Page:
A window into food culture
In photos: Takk for Maten author Whitney Love takes us on Food Safari in the tasty and picturesque town of Røros
Røros, Norway, has long been on the foodie map for chefs and food enthusiasts throughout Europe and the world. The local food culture has become so sought after that the local tourist office now organizes intimate group tours (simply called “food safaris”) around the local area to check out the culinary highlights and food history in the Røros region. Most tours are 4 to 5 hours in duration and all tours offer food sampling and foodstuffs for purchase along the way. All food safaris begin at the tourist office and may be booked in advance.
During my recent food safari, I enjoyed the “Aursunden Rundt” tour which explored the area around the Aursunden lake. Our tour made stops at four locations, all with a unique story to tell about the food culture around Røros.
First stop on the tour was at Stensaas, a butcher that focuses on reindeer and other game meats such as deer and elk. Stensaas is also well known for its rakfisk, which is traditionally eaten in the spring during Easter as well as during other times of the year. Three generations of the Stensaas family have run this operation, growing it to be one of the largest reindeer processing operations in Norway.
Open since 1780, Ærverdige Skottgården was formerly a working farm and the local area’s post office. We enjoyed lunch in the summer house, and here is where I tasted snarøl for the first time. This homemade carbonated beverage is made from vørterøl, a malted drink, which is high in b-vitamins and iron. It’s likely that vørterøl is a mainstay from the days when Norway and Demark were one country, as the largest producer of this stuff is in Denmark.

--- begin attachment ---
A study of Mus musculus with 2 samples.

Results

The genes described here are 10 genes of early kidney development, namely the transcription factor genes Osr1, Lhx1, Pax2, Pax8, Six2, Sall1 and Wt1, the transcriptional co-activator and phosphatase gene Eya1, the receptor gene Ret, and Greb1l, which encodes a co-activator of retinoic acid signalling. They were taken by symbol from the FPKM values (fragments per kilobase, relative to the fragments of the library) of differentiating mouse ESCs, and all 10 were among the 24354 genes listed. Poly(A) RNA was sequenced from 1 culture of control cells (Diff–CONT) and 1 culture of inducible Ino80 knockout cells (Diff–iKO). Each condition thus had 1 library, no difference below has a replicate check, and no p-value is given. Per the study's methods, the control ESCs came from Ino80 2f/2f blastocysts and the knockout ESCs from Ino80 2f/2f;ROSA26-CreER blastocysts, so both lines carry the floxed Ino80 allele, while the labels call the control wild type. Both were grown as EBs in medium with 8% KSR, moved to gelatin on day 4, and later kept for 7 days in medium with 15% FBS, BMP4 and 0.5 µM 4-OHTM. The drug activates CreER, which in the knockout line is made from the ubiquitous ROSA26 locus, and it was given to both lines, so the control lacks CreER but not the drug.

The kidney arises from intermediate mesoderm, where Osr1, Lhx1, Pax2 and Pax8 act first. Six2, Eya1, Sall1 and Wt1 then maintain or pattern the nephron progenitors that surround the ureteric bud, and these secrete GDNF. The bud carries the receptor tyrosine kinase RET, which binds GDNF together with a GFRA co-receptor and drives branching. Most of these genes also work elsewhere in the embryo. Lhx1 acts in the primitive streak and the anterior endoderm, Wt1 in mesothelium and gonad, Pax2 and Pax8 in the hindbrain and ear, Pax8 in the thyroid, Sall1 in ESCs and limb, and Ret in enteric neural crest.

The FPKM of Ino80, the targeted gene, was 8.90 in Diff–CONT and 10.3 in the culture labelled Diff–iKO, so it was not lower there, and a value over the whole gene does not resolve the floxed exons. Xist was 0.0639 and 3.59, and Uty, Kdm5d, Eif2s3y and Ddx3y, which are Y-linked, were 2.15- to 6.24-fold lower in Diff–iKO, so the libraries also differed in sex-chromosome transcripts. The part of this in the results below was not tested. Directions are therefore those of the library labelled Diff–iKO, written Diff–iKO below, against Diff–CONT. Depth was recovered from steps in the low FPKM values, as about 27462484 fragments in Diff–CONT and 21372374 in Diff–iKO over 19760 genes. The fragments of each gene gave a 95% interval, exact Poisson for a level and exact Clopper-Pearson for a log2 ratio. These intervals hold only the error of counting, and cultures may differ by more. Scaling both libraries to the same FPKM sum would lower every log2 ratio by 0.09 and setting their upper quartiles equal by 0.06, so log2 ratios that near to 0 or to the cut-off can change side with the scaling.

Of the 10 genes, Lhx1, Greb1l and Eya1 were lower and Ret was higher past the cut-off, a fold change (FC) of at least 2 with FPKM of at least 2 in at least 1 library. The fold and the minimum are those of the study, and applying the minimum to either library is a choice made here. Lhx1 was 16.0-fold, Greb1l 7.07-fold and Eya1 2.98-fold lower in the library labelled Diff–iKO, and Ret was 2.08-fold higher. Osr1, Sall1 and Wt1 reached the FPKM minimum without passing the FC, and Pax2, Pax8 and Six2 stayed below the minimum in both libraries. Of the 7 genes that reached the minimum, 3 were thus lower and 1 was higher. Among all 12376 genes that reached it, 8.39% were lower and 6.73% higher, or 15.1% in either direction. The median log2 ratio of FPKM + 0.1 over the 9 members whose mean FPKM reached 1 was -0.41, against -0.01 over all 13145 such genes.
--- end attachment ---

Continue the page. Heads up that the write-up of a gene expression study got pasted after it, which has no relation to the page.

Lunch was comprised of gravlax, smoked hyse (similar to cod), lammerulle, cured reindeer heart, rakfisk, and deer tongue. All this was served with Røros butter and sour cream, homemade cranberry jam, and Røros flatbread.
This family-run deer farm lies 30 minutes from the town of Røros and has been in operation for more than 15 years. Several hundred deer roam free here and feed on grass as well as treats provided by the Torsvoll family. Focus at this stop on our journey was placed on the importance of good food and the hunting tradition in the area.
Outside of our lunch stop, our coffee run at Kalsa Gårdsbakeri proved to be my favorite stop on the food safari. Run by a lovely woman named Tove, this farm bakery served 100% handmade pjalt (a cross between American-style biscuits and Norwegian lapper) and lemse (similar to but not quite lefse; made with organic Røros tjukkmjølk, an agriculturally protected dairy product). Alongside both we were served gom (caramelized milk whey) and some of the best coffee I’ve ever had in Norway, while we sat in the old sommerstugga (summer house).
Whitney Love is a cookbook author and blogger. She hails from Tucson, Arizona and is currently living in Stavanger, Norway. She runs the English language blog Thanks For The Food where she documents her love affair with Norway through the lens of traditional and modern Norwegian gastronomy. Find her online at thanksforthefood.com.
This article originally appeared in the Sept. 5, 2014 issue of the Norwegian American Weekly.